Lindsay Krause

Krause was one of three members of Nebraska’s 2021 recruiting class — along with setter Kennedi Orr from Eagan, Minnesota, and libero Lexi Rodriguez from Sterling, Illinois — on the team.

Under-18 U.S. world championship team

Three Husker recruits played on the Under-18 world championship team, including Omaha Skutt senior Lindsay Krause.

It took a loss to realize how good they were.

After a five-set defeat to two-time defending champions Italy in the pool play at the Under-18 world championships in Egypt, the Americans knew they could hold their own in a field crowded with more experienced and, in some cases, pro players.

“This is one of the best teams that is here and we hung with them the entire match, so that was when we were like, ‘We can do this,’” said Lindsay Krause, a junior from Omaha Skutt. “We can play very well and if we keep improving we can do something.”

Armed with new confidence, the U.S. won the rest of its pool play matches to advance to the championship and a rematch against Italy on Sept. 14. This time, the Americans won 25-17, 19-25, 25-18, 22-25, 15-10 to earn the gold medal.

Krause was one of three members of Nebraska’s 2021 recruiting class — along with setter Kennedi Orr from Eagan, Minnesota, and libero Lexi Rodriguez from Sterling, Illinois — on the team, which captured the Americans’ first title at the tournament since the biannual event started in 1989. It was also the first time USA Volleyball won a world championship at any youth-level tournament.

“It was pretty surreal,” Orr said. “We kept saying it to each other, ‘Oh my gosh, you guys, we are in the world championships.’ It was pretty cool.”

After tryouts in July, the team played together at a four-day training camp in Anaheim, Cali–fornia. Krause said they didn’t have any expectations because the team, made up of high school seniors, juniors and sophomores, had so little time to prepare.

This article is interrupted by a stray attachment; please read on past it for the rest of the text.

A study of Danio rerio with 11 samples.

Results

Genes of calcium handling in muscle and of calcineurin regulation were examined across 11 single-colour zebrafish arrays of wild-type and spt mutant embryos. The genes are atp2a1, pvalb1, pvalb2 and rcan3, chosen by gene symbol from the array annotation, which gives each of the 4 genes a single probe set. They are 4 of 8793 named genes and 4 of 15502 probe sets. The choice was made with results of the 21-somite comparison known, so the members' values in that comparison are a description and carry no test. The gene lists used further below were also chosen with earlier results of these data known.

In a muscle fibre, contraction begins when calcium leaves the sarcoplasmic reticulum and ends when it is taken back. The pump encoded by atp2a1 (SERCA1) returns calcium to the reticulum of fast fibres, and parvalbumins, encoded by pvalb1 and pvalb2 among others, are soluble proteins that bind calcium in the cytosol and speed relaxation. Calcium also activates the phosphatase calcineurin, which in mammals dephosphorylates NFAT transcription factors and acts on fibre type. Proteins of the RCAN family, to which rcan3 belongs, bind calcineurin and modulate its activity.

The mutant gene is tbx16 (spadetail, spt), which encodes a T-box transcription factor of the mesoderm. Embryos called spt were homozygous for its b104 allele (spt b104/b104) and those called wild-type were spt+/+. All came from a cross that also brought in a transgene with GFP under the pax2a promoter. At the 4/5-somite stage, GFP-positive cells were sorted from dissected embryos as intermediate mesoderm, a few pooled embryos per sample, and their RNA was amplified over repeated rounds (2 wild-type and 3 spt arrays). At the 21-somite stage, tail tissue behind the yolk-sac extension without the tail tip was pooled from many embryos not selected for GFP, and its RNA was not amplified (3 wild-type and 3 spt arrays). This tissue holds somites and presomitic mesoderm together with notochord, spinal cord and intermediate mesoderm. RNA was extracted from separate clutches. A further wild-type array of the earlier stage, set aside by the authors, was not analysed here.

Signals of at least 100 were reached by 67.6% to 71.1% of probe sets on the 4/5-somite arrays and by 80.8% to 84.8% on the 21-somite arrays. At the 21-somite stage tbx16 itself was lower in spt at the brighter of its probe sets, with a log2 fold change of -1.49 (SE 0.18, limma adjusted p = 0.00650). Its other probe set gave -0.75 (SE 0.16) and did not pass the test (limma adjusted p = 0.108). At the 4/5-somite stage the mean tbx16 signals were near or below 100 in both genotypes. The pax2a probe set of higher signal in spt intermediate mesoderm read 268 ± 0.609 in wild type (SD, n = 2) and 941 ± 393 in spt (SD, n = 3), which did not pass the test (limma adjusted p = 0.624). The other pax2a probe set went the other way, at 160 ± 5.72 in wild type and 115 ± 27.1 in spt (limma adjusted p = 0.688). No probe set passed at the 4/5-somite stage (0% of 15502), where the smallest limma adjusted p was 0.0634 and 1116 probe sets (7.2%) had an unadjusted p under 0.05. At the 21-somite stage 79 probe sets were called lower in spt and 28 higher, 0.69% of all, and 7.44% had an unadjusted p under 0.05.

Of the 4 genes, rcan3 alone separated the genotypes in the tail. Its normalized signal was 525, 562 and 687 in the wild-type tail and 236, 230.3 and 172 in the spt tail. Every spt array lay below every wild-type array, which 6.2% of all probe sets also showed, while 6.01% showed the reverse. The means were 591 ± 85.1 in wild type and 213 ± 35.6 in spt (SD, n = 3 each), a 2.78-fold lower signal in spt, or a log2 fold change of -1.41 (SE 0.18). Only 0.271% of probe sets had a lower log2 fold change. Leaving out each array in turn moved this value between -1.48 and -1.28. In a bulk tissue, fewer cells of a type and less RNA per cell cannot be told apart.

The group started with a sweep of Mexico before losing to Italy. The Americans responded with wins over Korea and Canada to finish second in their pool and advance to a classification match, which they won against Egypt.

In the quarterfinal, Team USA dropped the first set against Japan but rallied to win in four. The Americans swept Brazil in the semifinal to set up the rematch against Italy.

Krause said the most important part of the team’s success was its mentality — everyone had a role to play, even those who weren’t on the court.

“Every day when we would practice, whoever didn’t start would push the starters,” Krause said. “We would make them have to fight for every point and improve every day. Every time one of the subs got into the match, they had to play their hardest and they had to work to get those points.”

Orr was named the best setter of the tournament. She said she was surprised, considering the talent of the other setters.

“I am really proud of myself for working hard and stepping into a role that (was) pretty tough as a setter,” said Orr, who was also the team captain. “You have to be a leader on the court. It’s not just about setting all the time.”

In addition to the tournament matches in Ismailia, Egypt, the team took a cruise on the Suez Canal on the lone day off between pool play and the medal round.

Since the players returned home last Sunday, it’s been a whirlwind to catch up after missing almost three weeks of school. Krause said Skutt coach Renee Saunders gave her the week off to recover physically, catch up on academics and get back to a normal sleep schedule.

Krause will be back in action for the Class B No. 1 SkyHawks against Omaha Mercy on Tuesday. She’ll get to have a quick reunion Saturday as fellow national team member Devyn Robinson and Ankeny (Iowa) Centennial play in a tournament at Skutt.

Meanwhile, Orr and Rodriguez jumped back into action last week. Orr rejoined her high school team, which is ranked No. 7 nationally by, for a win Tuesday night. Rodriguez played in two matches last week and said the memories of the tournament will be with her for a long time.

“I’ve always had dreams and goals, and I knew that in my head if I worked hard enough I could reach them,” Rodriguez told a local television station, “but you don’t really realize how special it is until it actually happens.”